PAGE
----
A Monarchy Transformed: 1603-1714by Mark Kishlansky, David Cannadine
The century between 1603 and 1714--an era of profound social, economic, and religious change--launched Britain from an isolated archipelago to a world-class intellectual, commercial, and military center. An outburst of intellectual creativity that surpassed even the Renaissance saw a language scarcely known beyond its native shores become immortalized for a future world. 400 pp.
Kishlansky (English and European History/Harvard) recognizes that history is a story and that a good historian is a storyteller. His strongly delineated point of view contributes to the flow of the narrative, and his enthusiasm for the subject sustains the reader through thickets of detail about high politics and war. Viewing 17th-century Britain through the eyes of those at the top, Kishlansky always comes down on the side of political stability. He successfully avoids uncritical power worship with judicious criticism of both the Stuart monarchs and of Cromwell. However, as a volume in the new Penguin History of Britain (see also Peter Clarke, Hope and Glory: Britain 19001990, p. 186), A Monarchy Transformed is intended to provide a definitive introductory guide for the student and general reader. Although every historian must leave things out of the story, too many important things are neglected in this one. Kishlansky mentions in passing such important matters as Britain's overseas empire, the slave trade, art and literature, science and mathematics, but doesn't weave such materials into his narrative. John Donne is identified merely as a recipient of royal patronage, and John Milton dismissed as an "ideologue." The momentous religious changes of the period are discussed mainly when they influence politics or threaten social stability. What is most disappointing, though, is the treatment of women. Queen Mary is mentioned and Queen Anne gets a chapter, but beyond that women appear at the margins of history, as irrational teenage royal brides or midwives accused of kidnapping children for satanic rituals. Women should not be marginalized in any volume that aspires to the status of a general survey.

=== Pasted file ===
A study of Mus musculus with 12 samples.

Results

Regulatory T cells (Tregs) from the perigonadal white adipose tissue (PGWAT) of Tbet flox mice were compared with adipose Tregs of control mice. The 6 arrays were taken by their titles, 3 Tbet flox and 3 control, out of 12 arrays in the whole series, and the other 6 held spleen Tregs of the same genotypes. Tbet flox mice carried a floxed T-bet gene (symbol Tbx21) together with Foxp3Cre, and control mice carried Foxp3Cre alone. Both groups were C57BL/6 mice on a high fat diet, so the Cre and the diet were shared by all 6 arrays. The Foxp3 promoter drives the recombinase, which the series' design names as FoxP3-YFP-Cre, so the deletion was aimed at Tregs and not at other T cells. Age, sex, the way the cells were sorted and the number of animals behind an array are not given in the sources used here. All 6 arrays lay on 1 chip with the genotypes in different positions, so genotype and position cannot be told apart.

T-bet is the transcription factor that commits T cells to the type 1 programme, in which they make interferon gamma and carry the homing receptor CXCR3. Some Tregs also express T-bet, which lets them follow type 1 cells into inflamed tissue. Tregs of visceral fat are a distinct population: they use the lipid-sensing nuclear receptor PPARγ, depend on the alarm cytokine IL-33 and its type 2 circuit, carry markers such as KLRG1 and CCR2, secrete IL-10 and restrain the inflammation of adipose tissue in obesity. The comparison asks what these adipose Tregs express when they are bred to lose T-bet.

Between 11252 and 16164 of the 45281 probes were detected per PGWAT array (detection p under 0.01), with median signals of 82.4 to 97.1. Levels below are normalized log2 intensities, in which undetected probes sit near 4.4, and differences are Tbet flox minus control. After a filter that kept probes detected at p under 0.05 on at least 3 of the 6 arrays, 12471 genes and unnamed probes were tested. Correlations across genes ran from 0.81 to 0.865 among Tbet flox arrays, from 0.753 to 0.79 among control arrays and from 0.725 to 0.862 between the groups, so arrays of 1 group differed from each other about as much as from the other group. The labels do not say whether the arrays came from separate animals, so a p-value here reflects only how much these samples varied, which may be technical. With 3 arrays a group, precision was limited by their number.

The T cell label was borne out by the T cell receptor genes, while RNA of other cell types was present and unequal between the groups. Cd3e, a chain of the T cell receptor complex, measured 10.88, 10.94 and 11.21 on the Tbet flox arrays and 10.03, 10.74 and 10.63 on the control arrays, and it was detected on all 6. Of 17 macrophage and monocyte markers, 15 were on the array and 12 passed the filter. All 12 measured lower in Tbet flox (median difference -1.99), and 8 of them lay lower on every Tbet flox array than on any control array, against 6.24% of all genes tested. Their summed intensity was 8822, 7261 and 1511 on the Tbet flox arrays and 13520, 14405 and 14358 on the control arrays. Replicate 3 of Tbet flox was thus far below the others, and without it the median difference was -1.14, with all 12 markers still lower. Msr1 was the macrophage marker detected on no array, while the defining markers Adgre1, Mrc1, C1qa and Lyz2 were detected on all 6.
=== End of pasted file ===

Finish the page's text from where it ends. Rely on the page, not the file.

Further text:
Although successful as a forceful narrative of politics at the center, this volume is a disappointing general introduction to 17th-century British history.
The style is easy to read and follow, though the author makes occasional use of trite expressions or similies. The book opens with two chapters on the Social and Political conditions of the century. From the third chapter on it is in strict chronological order. One feature that leads into the successive chapters is that each chapter begins with a two page description of one significant incident (2-3 pages in length) followed by a short 1-2 page thumbnail sketch of the entire period.
It is an easy read and informative for the non-specialist who is interested specifically in this period or in some of the background for the American Revolution. That connection is not explicit, but one familiar with American Revolutionary history cannot miss many of the parallels and the rhetoric common to that period.